It was Saturday morning, our last day in Salerno before returning to Rome and then home.  Our host asked us if we would be staying to watch the festival.  When we asked “what festival?” he explained.

It seems that San Matteo is the patron saint of Salerno and this was the day dedicated to his honor.  Our host told us that there would be a huge celebration.  The entire city would participate.  The day would be taken up with music, speeches, and parades culminating in the saint’s image and relics being taken out of the cathedral and carried through the streets.

I was excited by his news.  This kind of celebration was something I had read about many times but had never actually experienced.  I hadn’t known this was happening, but here I was in the midst of it.  Part of me wanted to put all other plans on hold and spend the day immersed in the festival; however, this was the day we had planned to spend outside the city at Pompeii.

The opportunity to see that amazing archaeological site was one of the key reasons I chose to come to Salerno.  It was also very important to our daughter.  With that in mind, I reluctantly decided I could not suggest we change our plans.  So, as planned, we descended via the public elevator to sea level and, like every day before, walked to our favorite tiny café for our version of a classic Italian breakfast, a cafe americano and a cornetto (Italian version of a croissant).

Once we were properly fortified, we walked ¾ mile down the main shopping street (Via Vittorio Emmanuel – as in every other southern Italian city we had visited) to the train station.

As we walked along, it was clear something different was happening.  The street was packed with people – especially families.  Children are almost always present on the streets in Salerno, but they were particularly in evidence that morning.  So were vendors selling balloons, small carnival style toys, noise-makers, and the Italian versions of  all the sorts of things we would associate with a public holiday, banners, street musicians, face painting, and big groups of friends/families gathering, talking and laughing.  We made it to the station, caught our train and headed off to a full afternoon of prowling through the streets of Pompeii.

Pompeii is truly amazing; not only for the sheer scale of it (it is a huge site; only partially excavated even now) but for the similarities it bears to our own small towns and the way we live 2000 years later.  We saw mansions and  hovels, gymnasiums and theaters, paved streets lined with fast food establishments and taverns, marketplaces and municipal buildings.  Every few blocks there were public water taps.  We walked and walked for hours and covered what seemed like miles, and still we only managed to see most, not all of the excavated portion of the site.  By the time we headed back to Salerno we were all exhausted, sun-baked, and foot-sore.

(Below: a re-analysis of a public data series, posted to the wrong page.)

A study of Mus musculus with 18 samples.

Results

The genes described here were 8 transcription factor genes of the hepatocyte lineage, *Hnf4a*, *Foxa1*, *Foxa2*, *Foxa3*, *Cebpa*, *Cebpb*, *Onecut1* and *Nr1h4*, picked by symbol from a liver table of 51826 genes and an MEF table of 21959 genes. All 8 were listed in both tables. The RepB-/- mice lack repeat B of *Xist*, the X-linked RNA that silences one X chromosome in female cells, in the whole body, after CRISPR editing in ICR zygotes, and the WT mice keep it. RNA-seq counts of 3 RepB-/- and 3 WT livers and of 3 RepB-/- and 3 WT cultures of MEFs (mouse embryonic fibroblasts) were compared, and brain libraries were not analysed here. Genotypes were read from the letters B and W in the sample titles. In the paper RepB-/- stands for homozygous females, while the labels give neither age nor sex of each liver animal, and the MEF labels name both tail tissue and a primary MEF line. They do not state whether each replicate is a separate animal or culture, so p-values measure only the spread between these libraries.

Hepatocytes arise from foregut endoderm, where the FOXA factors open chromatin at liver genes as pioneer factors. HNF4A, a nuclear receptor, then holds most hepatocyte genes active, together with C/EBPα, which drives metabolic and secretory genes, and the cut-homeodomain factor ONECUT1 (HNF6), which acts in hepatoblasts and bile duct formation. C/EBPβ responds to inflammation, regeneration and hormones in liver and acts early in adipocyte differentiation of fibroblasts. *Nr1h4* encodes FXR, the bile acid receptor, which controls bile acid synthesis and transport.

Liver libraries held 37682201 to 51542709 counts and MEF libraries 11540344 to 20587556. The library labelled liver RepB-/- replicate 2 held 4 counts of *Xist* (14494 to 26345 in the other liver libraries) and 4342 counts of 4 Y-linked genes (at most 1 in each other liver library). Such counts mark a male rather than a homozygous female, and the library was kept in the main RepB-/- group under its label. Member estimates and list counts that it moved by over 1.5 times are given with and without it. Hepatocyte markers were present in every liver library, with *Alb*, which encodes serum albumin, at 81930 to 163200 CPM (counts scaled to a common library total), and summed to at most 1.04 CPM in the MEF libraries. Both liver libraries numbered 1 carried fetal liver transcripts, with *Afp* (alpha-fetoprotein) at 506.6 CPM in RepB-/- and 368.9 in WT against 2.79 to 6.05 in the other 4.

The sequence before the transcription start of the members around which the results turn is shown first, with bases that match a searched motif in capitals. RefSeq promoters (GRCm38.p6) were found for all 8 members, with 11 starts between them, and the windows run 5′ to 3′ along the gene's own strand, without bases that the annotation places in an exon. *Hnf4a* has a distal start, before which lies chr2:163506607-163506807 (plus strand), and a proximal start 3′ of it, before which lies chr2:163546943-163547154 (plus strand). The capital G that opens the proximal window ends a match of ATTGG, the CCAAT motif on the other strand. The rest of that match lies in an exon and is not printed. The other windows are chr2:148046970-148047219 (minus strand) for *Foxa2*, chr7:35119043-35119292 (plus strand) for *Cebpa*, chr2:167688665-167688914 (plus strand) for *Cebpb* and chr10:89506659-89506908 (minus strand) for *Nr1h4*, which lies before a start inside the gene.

The afternoon was waning and sunset was on its way as we got off the train in Salerno.  We walked out of the station into a huge crowd of people!  The sides of the main street were jammed tight with pedestrians and the center was roped off to make room for marching bands and a procession of priests and altar boys in full festival vestments carrying candles and censors, accompanying the floats bearing the symbols of the saint and the Church.

Our apartment and the small public elevator that scaled the high, vertical cliff to our apartment were both directly behind the cathedral that was the focus and destination of the religious aspects of the celebration. that meant that we had to get to the other end of the parade route 3/4 miles north.   We  looked at the situation and decided the best course was to move west two blocks toward the harbor until we came to the tree-shaded walk along the seafront that is the pride and signature of Salerno.  There the pressure of the crowd let up and we were able to move with relative ease toward the cathedral.

We made our way north with the harbor and the open sea fifty yards on our right and the fringe of the crowds on our left.  As we went forward, we heard different bands playing every few blocks; their brassy marches competing with the laughter and screams of the people on the garishly lit  rides at the traveling carnival set up by the harbor.   I was expecting to hear what sort of music Italians had written for marching bands, so imagine how surprised I was to hear most of the bands playing American patriotic marches written by John Philip Sousa!

In spite of the crowds, we managed to make it to our rooms in time to watch the sun set over the Tyrrhenian Sea.  That was when the fireworks started.

These were not the large, bright, formal, municipal fireworks we might see on Fourth of July.  They were not shot high into the sky over the city from some distant, safe launch pad.  These were smaller, private fireworks that never rose above the height of the buildings.  Their primary impact was created by the loud explosions that they produced.  The streets immediately surrounding the cathedral and immediately below our apartment were shrouded in smoke and periodically shook with burst after burst of loud explosions for two or more hours after sunset.

The next morning, as we headed down for our last americano and cornetto in Salerno, we walked through streets littered with the debris left by the fireworks and the thousands of bodies that had been packed together partying there for hours into the night.